Transporting a half-tonne heavy dinosaur skull

May 09, 2023

The Triceratops skull, the largest among land animals of its time, weighs approx. 500 kgs, and required delicate and professional handling on its journey from Canada via the US to Germany

A Triceratops skull from the Cretaceous Period between 145.5 and 65.5 million years ago was to exhibit at the Museum of Natural History in Berlin. In a close cross-country collaboration between Canada, the US and Germany, the unusual cargo was successfully put on display after passing one of our most peculiar customs clearance procedures to date.

'Do you handle fossils?'

This was the initial request from the US customer, a private collector, who had agreed to loan the skull to the Museum of National History in Berlin.

As experienced professionals in handling all types of shipments, even without knowing the exact details, our Los Angeles team of airfreight experts said yes.

Images would soon reveal the actual transport object: a 500 kg heavy and 68-66 million years old Triceratops skull.

In close collaboration with colleagues in Canada and our import experts in Germany, they formed a team to safely manage the incredibly unique country-to-country shipment. They all agree:


We were astonished by what we saw and excited to be chosen for this once-in-a-lifetime transport


Clearing customs within a few hours

Because of the commodity's nature, challenges were expected and handled by a coordinated cross-country team effort.

'Close teamwork, active communication and organisation between our regional offices were key to securing the unusual cargo's success,' says Krizia Pacheco, Operations Manager, Los Angeles Airfreight Team.

After carefully wrapping and shipping the historic skull and bones from Los Angeles to France and trucking the rare cargo to Germany, it had to pass customs.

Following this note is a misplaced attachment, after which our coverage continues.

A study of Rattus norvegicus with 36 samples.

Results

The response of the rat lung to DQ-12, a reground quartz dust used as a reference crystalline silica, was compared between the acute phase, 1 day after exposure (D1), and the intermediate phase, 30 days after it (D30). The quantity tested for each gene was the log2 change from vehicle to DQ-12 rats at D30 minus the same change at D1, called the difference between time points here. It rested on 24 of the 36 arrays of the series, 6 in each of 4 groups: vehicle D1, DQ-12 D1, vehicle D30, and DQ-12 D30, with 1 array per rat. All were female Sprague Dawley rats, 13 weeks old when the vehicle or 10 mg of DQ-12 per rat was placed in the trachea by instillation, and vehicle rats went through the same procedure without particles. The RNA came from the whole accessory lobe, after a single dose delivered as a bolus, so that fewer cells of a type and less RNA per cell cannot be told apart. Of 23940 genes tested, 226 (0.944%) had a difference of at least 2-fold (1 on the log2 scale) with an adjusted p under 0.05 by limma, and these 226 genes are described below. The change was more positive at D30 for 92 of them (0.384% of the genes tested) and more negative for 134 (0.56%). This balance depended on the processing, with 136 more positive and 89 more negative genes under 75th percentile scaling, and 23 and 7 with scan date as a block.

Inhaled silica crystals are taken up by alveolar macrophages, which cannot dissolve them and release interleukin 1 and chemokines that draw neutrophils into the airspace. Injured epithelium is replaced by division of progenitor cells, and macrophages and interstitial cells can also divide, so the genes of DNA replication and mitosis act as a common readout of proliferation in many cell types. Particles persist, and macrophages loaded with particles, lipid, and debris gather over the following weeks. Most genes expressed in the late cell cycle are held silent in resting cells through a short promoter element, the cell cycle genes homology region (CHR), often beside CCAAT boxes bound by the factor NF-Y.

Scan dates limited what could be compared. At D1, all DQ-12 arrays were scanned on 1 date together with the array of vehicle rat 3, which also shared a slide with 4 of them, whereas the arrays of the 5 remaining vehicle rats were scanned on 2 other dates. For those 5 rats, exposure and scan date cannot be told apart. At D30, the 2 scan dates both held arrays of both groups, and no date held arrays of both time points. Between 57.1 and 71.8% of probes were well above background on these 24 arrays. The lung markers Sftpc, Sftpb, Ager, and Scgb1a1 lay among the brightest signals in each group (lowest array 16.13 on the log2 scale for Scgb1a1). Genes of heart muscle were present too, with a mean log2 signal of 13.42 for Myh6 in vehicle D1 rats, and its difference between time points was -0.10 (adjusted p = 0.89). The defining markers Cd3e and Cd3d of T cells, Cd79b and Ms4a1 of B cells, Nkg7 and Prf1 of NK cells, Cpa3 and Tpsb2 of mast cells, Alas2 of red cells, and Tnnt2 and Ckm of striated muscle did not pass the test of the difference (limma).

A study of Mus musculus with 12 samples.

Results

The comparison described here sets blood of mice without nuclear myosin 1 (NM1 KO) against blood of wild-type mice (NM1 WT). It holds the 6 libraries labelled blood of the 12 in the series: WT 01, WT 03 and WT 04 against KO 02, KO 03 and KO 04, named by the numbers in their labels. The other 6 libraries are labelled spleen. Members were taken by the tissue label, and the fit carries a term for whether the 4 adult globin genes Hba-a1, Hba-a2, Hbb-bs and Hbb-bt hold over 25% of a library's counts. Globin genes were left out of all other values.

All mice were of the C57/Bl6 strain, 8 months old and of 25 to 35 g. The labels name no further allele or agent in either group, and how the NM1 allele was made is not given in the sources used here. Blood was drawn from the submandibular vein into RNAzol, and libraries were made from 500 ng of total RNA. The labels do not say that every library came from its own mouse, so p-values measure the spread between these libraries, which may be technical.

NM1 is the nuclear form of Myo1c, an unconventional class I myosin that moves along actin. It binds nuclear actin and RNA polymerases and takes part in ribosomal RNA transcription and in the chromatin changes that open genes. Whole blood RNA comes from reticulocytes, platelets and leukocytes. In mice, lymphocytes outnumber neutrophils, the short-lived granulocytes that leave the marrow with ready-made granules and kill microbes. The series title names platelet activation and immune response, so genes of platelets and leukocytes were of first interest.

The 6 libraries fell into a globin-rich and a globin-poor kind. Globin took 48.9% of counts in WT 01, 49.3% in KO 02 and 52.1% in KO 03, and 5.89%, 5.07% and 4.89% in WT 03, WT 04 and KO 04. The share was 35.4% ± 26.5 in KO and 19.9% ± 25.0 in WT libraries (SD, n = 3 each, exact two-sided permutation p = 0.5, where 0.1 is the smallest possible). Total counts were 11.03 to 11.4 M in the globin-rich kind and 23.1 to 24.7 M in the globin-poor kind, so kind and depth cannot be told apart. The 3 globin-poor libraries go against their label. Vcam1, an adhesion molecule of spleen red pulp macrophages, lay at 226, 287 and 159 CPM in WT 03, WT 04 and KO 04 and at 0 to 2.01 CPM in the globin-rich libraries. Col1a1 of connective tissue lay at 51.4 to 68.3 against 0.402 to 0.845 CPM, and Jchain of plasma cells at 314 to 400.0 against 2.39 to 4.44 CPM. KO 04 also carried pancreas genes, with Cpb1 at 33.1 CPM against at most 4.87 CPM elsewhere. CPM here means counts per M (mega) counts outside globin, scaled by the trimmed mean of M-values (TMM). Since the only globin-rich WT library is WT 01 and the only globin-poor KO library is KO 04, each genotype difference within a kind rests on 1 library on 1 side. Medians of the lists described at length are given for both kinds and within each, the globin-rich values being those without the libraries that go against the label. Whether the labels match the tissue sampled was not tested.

'Being a step ahead is essential to ensure a smooth handling as possible for such delicate transport,' Pascal Putzenlechner, Air Freight Import Manager, explains. 'Our first task was contacting customs in Frankfurt regarding any specific requirements relevant to this type of object. In close collaboration with our colleagues in Los Angeles, we procured the original documents and clarified everything in advance.'

Within a few hours, 'Amalie', as the skull is named after the owner's daughter, had cleared customs and was ready for the final leg of the journey.  



Carefully selected trucker

Nothing was left to chance, and arrangements were made with a carefully selected trucker to complete the last of the Triceratops skull's journey by road from Frankfurt to Berlin.

Early the next day, the Triceratops arrived safely and on time at the museum and were met by a tv crew and equally excited museum experts ready to assemble and display the enormous skull of one of the world's lost giants. Our experts oversaw the shipment's unloading and unpacking to ensure the skull and its parts were intact.


Expert collaboration required

It took several experts from logistics to customs, trucking, and archaeology to successfully complete the delicate and unusual transport.

It will only take a phone call, and our cross-country team of experts is ready to safely reverse the trip to return the Triceratops skull to its country of origin.